Water issue ignites municipal fireworks
The passivity of the last joint municipal meeting fell to the wayside Monday night, as the three local governing bodies went head to head on a current hot topic. Members of borough council, school board and the township supervisors met to update each other on projects, and to discuss mutual issues. In September 2012 the session at the middle school lasted 30 minutes. On March 25 it ran two hours, with the subject of forming a unified water system unleashing passionate opinions.
Attending officials were: Greencastle borough council - Charles Eckstine, Craig Myers, Harry Foley, Frank Webster Jr., Wade Burkholder, James Farley; borough manager, Susan Armstrong; Antrim Township board of supervisors - Fred Young III, Rick Baer, James Byers, Pat Heraty; township administrator, Brad Graham; Greencastle-Antrim School District school board - Brian Hissong, Ken Haines, Eric Holtzman, Mike Still, Tracy Baer; and superintendent Dr. C. Gregory Hoover.
The past was resurrected as Young opened the discussion charging Eckstine was causing a contentious joint meeting two years ago.
Eckstine noted that at the time he said nothing ever came out of the meetings. Young continued that a recent proposal presented by Greencastle Area Franklin County Water Authority had been endorsed by Antrim Township Municipal Authority and the supervisors, but not the borough.
"Why is council swooping in and second-guessing them?"
Eckstine had already stated that the joint water committee comprised of representatives of all four entities had met four times, and a March 18 meeting included solicitors for both authorities. ATMA's debt and tapping fees were a concern. Antrim charged $1,200 per hookup while Greencastle charged $6,005. If the developer paid for the line, it was $2,655. The numbers were derived from the value of the systems. Eckstine repeated the information and a worry that GAFCWA customers would have to compensate for ATMA's load. He had announced council was going to vote on GAFCWA’s proposal on April 1.
Heraty said an agreement between Greencastle and Antrim on service areas for water had expired, and would not be renewed except through the results of meetings such as was taking place.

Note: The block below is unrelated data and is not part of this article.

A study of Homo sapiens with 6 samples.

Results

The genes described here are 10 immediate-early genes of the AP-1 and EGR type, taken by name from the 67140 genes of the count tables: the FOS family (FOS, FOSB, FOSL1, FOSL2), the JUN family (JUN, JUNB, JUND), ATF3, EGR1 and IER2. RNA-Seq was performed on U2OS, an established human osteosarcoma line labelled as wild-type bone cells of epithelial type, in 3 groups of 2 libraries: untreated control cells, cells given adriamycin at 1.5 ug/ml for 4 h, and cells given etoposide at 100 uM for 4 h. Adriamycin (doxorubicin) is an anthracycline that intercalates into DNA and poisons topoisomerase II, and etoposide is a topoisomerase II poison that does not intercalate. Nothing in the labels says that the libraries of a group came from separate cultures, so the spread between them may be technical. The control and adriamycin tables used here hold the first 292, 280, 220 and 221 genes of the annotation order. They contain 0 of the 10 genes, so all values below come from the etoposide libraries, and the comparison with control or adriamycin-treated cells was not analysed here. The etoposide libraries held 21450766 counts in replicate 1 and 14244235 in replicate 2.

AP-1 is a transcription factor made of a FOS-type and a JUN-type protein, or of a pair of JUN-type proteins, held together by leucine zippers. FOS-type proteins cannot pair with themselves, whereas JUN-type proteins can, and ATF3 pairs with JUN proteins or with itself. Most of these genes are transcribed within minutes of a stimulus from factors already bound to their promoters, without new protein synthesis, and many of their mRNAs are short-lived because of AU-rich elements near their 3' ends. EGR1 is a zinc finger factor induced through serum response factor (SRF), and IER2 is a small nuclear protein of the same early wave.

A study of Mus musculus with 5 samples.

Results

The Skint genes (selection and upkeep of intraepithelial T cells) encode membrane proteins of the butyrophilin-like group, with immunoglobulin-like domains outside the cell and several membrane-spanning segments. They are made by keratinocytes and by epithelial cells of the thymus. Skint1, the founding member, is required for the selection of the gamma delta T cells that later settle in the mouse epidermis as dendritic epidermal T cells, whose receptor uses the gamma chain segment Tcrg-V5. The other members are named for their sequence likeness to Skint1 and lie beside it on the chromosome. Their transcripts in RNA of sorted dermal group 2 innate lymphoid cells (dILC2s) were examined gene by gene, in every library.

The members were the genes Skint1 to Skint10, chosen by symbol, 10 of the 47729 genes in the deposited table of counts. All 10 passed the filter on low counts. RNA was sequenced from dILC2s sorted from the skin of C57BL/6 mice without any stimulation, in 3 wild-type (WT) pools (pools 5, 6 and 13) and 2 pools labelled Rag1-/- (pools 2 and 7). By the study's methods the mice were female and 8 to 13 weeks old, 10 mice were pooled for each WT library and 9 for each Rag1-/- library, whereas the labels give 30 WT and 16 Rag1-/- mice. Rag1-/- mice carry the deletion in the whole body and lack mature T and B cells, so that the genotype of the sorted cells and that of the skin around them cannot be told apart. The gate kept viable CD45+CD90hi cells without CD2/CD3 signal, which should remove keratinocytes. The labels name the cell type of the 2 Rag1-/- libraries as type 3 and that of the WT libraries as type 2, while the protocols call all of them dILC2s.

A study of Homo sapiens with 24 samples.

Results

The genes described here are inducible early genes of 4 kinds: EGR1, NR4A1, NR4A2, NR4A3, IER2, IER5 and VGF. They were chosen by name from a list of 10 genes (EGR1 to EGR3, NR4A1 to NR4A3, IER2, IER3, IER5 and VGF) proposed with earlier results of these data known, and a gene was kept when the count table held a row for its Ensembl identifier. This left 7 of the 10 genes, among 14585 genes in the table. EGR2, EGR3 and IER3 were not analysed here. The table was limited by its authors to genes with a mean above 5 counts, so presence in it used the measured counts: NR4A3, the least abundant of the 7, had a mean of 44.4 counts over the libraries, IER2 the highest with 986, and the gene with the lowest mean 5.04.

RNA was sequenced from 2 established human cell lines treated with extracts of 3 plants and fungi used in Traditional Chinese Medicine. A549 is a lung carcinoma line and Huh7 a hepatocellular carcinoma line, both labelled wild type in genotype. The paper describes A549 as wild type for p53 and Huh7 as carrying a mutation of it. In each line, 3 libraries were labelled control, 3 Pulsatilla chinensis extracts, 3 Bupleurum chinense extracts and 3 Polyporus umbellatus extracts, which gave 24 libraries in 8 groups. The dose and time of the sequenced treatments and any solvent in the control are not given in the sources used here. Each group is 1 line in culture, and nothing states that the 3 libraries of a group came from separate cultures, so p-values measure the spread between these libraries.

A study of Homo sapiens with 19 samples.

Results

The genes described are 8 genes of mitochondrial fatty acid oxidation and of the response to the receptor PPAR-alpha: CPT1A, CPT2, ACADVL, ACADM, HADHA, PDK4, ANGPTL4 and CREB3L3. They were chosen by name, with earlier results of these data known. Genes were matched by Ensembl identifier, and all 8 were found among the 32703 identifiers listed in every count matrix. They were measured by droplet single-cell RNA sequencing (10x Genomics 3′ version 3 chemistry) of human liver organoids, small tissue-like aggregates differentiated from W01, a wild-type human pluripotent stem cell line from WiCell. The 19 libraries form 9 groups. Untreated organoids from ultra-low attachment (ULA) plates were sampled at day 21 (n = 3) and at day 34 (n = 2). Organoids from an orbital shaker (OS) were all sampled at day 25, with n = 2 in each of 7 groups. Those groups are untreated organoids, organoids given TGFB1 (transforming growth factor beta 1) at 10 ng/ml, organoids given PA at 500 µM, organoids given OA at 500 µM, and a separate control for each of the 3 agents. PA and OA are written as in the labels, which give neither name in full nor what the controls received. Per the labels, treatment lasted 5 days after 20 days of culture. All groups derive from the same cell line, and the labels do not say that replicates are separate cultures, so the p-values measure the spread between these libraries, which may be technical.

He and Young read statements Eckstine made in 2011, the transcript taken from an audio recording of the joint meeting.
Other people gave their input. Byers reminded everyone Antrim paid for a water tower used by customers of GAFCWA. Burkholder questioned how Antrim's debt service would be handled if a merge occurred. Citizen Curtis Myers presented some calculations on how a combined system would not impact customers significantly.
Hissong said he didn't come to the table to watch the back and forth arguments, but to hear about a resolution to the problems each municipality foresaw. He wanted both sides to look out for the community as a whole.
Myers stepped in. "Get out of the sandbox. The peeing contest has to stop. Bringing up two years ago got us nowhere in 2013."
Tracy Baer agreed. "You just wasted 15 minutes of my time."
With the temperament of some attendees elevated, Eckstine said he would adjourn the meeting if it turned into a shouting match.
Farley said he was not around for the past conflicts, but wanted everything laid out so negotiations could continue. Rick Baer supported him. "Put politics aside. Let the two authorities work it out."
Armstrong was optimistic a solution was out there. The GAFCWA proposal was more conceptual than anything else, and did not address certain key points. Greencastle personnel were more informed now and needed to consult the solicitors. Eckstine added that Greencastle's authority failed to uncover all of ATMA's loans during its due diligence, and that played a role in any decision regarding a merge.
Citizen Duane Kinzer implored everyone to stop airing their dirty laundry in front of the press. Young then criticized Armstrong for giving comments to the media about her reservations on how development, specifically coming from the Norfolk Southern terminal and Atapco's business park, could negatively impact the downtown if truck traffic increased there. Hissong said he had heard enough and rose to leave. Eckstine cut off Young and adjourned the meeting.
The topic of a unified water system kept many of the officials on school grounds following the meeting. Several clusters of people remained, talking.